My wife could give a humdrum talk at church, and I’d listen. She’s my wife.
Neither does someone who’s a member of my congregation need to have remarkable insights to keep my attention. What they say matters to me because its them saying it (the mezzo-intellectuals who populate the bloggernacle like to brag about reading books during the services. They are inadvertently revealing a lack of affection.)
An apostle or the prophet won’t be on personal terms with most of his audience, but we know them well and they have the frisson of authority to boot.
High councilmen, however, are proverbially the dullest speakers in the church. The congregation doesn’t know them personally and they do not have any authority that most members know anything about. They are not part of the family or the ward family and they don’t have their picture hung on the family wall.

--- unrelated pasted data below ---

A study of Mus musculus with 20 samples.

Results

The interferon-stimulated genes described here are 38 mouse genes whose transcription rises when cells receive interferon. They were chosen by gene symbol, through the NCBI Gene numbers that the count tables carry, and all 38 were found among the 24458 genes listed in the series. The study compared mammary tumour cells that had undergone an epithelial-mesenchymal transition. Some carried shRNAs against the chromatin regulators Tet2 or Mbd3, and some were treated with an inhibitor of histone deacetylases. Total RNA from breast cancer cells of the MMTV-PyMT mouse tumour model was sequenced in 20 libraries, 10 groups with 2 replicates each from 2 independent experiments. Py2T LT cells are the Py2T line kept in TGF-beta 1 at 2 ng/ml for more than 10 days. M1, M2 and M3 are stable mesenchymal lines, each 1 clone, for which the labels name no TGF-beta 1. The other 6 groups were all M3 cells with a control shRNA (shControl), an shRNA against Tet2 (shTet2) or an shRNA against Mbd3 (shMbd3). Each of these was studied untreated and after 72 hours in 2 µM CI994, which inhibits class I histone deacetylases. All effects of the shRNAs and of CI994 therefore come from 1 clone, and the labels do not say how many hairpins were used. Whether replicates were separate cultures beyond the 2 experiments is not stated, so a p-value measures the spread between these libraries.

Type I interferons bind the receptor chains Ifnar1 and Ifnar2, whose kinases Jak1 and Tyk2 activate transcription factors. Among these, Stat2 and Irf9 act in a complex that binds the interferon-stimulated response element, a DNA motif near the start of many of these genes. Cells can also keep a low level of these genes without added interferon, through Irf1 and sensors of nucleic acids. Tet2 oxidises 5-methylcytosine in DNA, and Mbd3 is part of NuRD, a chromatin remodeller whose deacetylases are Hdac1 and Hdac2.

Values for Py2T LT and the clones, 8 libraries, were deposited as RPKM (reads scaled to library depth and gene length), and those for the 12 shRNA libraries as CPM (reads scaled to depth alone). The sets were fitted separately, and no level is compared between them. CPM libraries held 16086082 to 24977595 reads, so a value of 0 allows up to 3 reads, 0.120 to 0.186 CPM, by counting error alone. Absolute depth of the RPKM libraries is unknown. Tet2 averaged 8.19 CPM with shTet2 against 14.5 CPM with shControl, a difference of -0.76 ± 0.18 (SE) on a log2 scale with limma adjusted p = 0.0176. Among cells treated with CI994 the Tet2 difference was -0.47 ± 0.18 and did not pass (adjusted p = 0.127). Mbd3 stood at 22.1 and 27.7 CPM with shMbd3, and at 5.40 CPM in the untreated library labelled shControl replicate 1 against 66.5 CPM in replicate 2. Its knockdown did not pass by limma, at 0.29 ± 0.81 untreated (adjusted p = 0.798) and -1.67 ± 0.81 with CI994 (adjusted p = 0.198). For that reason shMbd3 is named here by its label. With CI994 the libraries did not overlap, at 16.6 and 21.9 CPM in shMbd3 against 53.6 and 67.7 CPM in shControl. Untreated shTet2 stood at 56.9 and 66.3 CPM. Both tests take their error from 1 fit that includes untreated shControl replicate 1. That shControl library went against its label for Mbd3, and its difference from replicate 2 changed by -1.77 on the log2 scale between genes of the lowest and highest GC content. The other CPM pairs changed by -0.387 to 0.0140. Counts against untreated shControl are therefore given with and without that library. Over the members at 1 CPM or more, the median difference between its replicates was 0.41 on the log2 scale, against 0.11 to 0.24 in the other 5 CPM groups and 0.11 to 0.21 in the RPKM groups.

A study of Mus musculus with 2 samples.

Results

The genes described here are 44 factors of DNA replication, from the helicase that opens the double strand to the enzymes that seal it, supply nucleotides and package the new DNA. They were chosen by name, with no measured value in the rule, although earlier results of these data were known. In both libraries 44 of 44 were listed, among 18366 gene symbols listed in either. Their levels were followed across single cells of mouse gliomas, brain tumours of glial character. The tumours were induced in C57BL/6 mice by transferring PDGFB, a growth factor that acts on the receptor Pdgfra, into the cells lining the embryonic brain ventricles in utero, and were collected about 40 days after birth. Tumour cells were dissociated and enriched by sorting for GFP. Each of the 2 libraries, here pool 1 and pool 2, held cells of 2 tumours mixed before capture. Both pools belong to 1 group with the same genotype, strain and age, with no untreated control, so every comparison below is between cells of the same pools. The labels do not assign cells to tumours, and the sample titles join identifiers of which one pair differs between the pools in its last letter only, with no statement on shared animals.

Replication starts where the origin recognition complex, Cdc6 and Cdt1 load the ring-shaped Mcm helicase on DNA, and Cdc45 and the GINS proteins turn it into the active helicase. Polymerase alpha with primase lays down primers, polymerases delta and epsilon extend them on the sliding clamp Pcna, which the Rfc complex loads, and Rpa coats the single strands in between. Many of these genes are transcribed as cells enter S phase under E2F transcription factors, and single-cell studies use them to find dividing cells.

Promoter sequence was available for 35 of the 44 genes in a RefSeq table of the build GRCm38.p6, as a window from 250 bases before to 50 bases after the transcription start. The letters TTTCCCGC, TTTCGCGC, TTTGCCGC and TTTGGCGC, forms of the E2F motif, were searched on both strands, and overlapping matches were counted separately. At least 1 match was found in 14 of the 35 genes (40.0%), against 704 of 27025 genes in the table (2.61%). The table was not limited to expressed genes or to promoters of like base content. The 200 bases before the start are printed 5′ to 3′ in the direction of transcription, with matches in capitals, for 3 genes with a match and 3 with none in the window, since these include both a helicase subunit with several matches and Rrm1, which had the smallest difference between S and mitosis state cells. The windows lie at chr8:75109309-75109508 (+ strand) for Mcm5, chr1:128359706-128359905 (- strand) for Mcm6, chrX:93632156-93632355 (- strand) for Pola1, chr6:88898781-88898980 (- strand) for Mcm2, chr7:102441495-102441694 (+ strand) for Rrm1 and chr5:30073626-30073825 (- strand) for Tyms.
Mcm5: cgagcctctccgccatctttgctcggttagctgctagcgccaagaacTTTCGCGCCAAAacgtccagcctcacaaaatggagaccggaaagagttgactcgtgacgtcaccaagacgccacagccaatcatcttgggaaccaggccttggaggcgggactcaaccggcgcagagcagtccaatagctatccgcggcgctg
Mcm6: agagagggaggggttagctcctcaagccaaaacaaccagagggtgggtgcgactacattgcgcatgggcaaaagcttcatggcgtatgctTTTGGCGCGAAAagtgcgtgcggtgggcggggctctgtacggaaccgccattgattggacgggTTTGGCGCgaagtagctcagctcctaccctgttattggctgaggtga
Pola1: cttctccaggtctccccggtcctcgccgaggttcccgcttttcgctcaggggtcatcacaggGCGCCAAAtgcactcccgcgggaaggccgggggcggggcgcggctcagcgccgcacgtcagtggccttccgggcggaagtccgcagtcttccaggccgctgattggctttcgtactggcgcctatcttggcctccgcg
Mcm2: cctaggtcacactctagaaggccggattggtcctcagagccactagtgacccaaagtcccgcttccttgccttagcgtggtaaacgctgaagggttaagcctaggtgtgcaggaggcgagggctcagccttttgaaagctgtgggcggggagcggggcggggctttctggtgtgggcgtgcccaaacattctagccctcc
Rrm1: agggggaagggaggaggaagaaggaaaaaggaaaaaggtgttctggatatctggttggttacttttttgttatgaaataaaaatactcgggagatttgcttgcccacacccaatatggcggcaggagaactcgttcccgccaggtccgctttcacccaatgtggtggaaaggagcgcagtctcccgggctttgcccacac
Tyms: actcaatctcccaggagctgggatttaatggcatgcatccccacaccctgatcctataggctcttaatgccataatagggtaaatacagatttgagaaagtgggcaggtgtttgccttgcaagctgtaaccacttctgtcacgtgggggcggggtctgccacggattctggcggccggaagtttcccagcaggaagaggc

Our high councilman and his companion speaker gave a clinic recently on his to overcome these disadvantages.
The companion used humor. He told a lot of jokes on himself and was wry about the foibles he shares with us.
The high councilman didn’t joke. He brought himself into our circle in another way. He complimented our reverence during the prelude and told us how in that relative quiet he had heard the Holy Ghost. He talked about his history of loving music and how our choir had moved him. He discussed specific reactions to the previous speakers he had noticed in the congregation and told us his own. He spent more than 5 minutes on this. He had fewer speaking minutes for his topic, but more listening minutes.